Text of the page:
Review of Running Through the Tall Grass

by Thomas Givon

HarperCollins 1997 288 pp. 23.00

Copyright © Steven E. Alford

 

 

Thomas Givon’s absorbing and accomplished first novel, Running Through the Tall Grass, is an

instructive inquiry into the disordered yet passionate conflicts—historical, ethnic, and national—visited on Algeria as it sought to free itself from the French. This brief story portrays the complexity of a society striving to free itself from colonialism without imbuing the narrative with an ideological agenda.

Post-Napoleonic France turned Algeria into a colony in 1830, populating it not with the French but with a diverse group of Mediterraneans bent on starting a new life in a new land, with the benefit of a new citizenship. Over the next century, these people, called pied noirs—black feet—identified themselves with their colonial masters, and not with the indigenous Arabs. We join this unfolding story in May 1962 and follow it to its tragic but muted climax in January 1963.

The fictional protagonist, Robert Aron, Jew, pied noir, and patriotic Frenchman, joins the French Foreign Legion. He is shipped to Indochina, and following that, to the Kabylia Mountains in Algeria, where he fights against Arabs seeking to regain their country. This "reluctant plastique artist, magus of high explosives and bright thunders" is withdrawn from battle in 1957, when the French abandon the battle in the mountains.

Within a few years, to the dismay of Aron and his comrades, the French negotiate to return the country to the Arabs, leading to the formation of the secret opposition army, the OAS. As the novel opens, nineteen-year-old Margaret Laforge, Aron’s girlfriend, tells the story of Robert and his group as they blow up a hospital in a section of occupied Algiers.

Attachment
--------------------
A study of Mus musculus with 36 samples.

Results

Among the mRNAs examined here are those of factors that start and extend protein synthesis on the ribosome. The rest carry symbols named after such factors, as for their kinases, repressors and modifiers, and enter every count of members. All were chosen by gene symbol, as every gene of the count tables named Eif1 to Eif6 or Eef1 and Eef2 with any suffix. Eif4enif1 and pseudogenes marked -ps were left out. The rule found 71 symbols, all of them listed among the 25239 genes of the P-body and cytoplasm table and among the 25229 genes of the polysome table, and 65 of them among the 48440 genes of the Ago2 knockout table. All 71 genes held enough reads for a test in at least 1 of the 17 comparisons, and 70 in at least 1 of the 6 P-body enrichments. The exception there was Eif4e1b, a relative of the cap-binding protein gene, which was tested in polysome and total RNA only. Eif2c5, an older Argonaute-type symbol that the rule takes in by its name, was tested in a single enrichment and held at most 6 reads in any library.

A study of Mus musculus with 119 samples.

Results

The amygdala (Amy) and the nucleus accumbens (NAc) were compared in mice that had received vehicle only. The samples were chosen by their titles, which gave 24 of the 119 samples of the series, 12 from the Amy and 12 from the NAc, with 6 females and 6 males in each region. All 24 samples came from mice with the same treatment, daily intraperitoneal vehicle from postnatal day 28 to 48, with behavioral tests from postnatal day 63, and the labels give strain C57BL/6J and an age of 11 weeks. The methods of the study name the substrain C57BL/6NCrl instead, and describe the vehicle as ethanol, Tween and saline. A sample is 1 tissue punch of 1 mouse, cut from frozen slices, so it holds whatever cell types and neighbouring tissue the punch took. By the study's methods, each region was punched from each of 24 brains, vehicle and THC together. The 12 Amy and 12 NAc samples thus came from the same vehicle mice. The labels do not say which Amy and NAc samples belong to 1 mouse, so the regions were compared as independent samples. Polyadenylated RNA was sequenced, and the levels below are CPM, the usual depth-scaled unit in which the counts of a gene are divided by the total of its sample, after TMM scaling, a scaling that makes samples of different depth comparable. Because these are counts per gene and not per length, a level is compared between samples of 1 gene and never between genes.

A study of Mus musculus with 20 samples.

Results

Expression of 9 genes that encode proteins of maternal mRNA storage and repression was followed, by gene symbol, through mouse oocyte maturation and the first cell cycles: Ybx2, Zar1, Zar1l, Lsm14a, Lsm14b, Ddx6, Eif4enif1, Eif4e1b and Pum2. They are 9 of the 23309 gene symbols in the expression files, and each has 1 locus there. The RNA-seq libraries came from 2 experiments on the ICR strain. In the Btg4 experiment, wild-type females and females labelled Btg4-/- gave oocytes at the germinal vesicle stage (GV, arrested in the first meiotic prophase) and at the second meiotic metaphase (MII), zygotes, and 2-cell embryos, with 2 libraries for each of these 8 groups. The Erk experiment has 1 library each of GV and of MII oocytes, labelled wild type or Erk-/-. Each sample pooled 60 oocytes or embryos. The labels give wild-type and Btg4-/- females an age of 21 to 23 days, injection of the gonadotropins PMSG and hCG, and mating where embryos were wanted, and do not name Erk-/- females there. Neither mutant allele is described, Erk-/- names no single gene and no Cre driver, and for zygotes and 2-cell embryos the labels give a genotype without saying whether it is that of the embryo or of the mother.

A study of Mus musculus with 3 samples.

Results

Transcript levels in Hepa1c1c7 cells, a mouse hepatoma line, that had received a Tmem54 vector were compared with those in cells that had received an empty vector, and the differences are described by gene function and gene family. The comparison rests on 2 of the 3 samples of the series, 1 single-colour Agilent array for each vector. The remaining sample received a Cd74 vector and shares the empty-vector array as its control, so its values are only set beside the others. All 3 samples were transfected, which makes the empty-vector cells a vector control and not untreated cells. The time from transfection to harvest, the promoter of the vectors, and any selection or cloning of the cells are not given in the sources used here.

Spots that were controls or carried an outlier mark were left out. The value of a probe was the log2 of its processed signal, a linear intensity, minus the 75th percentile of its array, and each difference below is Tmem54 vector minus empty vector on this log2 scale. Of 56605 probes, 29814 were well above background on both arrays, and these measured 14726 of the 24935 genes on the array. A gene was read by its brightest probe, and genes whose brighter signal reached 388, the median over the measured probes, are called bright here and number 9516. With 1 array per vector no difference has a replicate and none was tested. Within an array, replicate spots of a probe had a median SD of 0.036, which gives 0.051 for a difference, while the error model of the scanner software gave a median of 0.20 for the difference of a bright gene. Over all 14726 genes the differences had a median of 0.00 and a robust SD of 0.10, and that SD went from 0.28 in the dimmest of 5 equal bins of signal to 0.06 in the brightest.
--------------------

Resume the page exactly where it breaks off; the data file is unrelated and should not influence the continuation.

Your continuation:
Accompanying Robert is his companion from Vietnam, Jojo, a fanatical ideologue who is suspicious of Robert’s waning interest in the struggle, and his growing interest in Margaret. Their conflict climaxes in Robert’s nighttime escape to Marseilles, where he hopes to elude the OAS and arrange for Margaret to join him. The committed pied noirs of the OAS will not allow that to happen, and, surprisingly, Robert is waylaid and shipped off to the Congo with Jojo. There they fight as mercenaries in a conflict remarkably analogous to Algeria’s. On a deserted airstrip near Katanga, Robert finds he must make a choice among his conflicted loyalties as a Jew, pied noir, comrade, and lover.

"In Algiers … where you come from is who you are. Forever." Yet, this is the central conflict for Robert, who has difficulty finding his identity as a Jew, a Frenchman, or a resistance fighter. Nearing thirty, he finds that the Jews offer no hope, as they are "obstinate and obsessed, plagued by their compounded histories, their ancient lore and convoluted identity, driven by treasured old grievances, ever-bleeding stigmata."

Nor do the French provide a spiritual home for the pied noirs. As Jojo remarks, the pied noirs are "France’s new Juives. … They lured our grandfathers to Algeria, our promised land. Only it turned out to be a false promise. We’ve shed our blood for them like the bunch of dupes we were. Now they’ve turned around and thrown us to the Arabs."

Even his "associates, if you wish to call them that, are fast reverting to primordial rock-bottom, trigger-happy sociopaths thrashing about in a dense homicidal fog."

As Thomas Flanagan’s Year of the French did for Ireland, Running Through the Tall Grass uncovers the spines between the heterogeneous layers of a diverse Algerian society. It vividly portrays the blood, the passion, the brutality, and the panoramic messiness of a polyglot society attempting to spawn violently a new identity from repressed heterogeneous groups vying for dominance. This novel marks an impressive debut, and, given the current rule by religious extremists in Algeria, one worthy of our attention.